The Epidemiology of Female Genital Mutilation in Nigeria - A Twelve Year Review

UU Epundu, AL Ilika, CC Ibeh, AS Nwabueze, OF Emelumadu, CC Nnebue


Background: About 140 million women worldwide have suffered genital mutilation. The practice is common in several African countries including Nigeria. This paper reviews the prevalence, distribution, causes, consequences and strategies for elimination and proffers solutions to aid elimination of this practice.

Methods: Relevant literature pertaining to female genital mutilation in Nigeria were obtained from journals, textbooks, selected documents and internet search of databases using Pubmed, Google scholar and African Journals Online. Cross referencing was used to identify additional articles. The study period was from 2004 to 2016.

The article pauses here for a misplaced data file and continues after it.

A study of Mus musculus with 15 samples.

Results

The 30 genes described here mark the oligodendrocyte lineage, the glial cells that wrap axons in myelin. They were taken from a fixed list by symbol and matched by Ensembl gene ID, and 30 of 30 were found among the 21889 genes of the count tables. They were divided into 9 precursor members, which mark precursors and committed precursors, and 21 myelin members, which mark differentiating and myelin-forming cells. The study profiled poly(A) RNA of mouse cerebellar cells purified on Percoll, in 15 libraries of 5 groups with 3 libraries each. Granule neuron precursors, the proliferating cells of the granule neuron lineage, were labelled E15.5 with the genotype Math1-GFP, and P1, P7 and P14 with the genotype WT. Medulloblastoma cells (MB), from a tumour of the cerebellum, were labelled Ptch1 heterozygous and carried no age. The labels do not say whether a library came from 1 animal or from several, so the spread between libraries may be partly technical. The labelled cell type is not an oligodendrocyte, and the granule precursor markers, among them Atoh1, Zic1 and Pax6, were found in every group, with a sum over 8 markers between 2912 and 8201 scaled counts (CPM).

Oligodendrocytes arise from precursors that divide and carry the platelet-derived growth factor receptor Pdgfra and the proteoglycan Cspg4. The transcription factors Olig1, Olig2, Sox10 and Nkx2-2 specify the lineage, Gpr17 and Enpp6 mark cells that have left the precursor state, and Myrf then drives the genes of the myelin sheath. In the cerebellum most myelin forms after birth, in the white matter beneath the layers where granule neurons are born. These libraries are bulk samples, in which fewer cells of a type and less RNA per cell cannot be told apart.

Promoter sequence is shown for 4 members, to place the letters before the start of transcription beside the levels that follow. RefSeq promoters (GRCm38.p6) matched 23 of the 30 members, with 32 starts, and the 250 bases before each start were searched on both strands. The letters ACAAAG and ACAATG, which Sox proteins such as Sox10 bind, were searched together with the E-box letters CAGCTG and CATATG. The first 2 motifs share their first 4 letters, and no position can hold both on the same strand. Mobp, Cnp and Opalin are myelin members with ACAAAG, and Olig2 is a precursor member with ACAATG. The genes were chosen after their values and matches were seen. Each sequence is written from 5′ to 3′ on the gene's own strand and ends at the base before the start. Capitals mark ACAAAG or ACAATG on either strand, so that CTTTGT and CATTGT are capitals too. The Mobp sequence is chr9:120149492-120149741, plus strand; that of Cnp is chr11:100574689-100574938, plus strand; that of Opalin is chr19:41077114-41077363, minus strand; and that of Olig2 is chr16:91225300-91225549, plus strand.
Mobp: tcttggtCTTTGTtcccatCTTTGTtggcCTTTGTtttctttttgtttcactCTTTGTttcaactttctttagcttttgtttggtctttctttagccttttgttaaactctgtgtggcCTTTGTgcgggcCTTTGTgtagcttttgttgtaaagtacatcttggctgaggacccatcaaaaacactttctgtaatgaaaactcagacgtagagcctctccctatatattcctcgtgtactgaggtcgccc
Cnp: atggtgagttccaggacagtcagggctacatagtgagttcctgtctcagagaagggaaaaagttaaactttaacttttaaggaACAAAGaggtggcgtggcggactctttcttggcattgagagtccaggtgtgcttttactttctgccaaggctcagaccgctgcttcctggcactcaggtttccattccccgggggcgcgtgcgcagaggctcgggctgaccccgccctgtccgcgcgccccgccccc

Results: Female genital mutilation is a common practice in several parts of the country, especially the Southern geopolitical zones. Nationally representative surveys reported a gradual decline in the prevalence. The practice has several negative health and economic consequences. Culture and tradition are important factors fuelling its persistence.

Conclusion: Female genital mutilation is a crime against womanhood, posing a great health and financial burden to individuals, families and the society. Although its prevalence is on the decline in many parts of Nigeria, more sustained and coordinated efforts of stakeholders at all levels are needed to fast-track the elimination of this practice in Nigeria.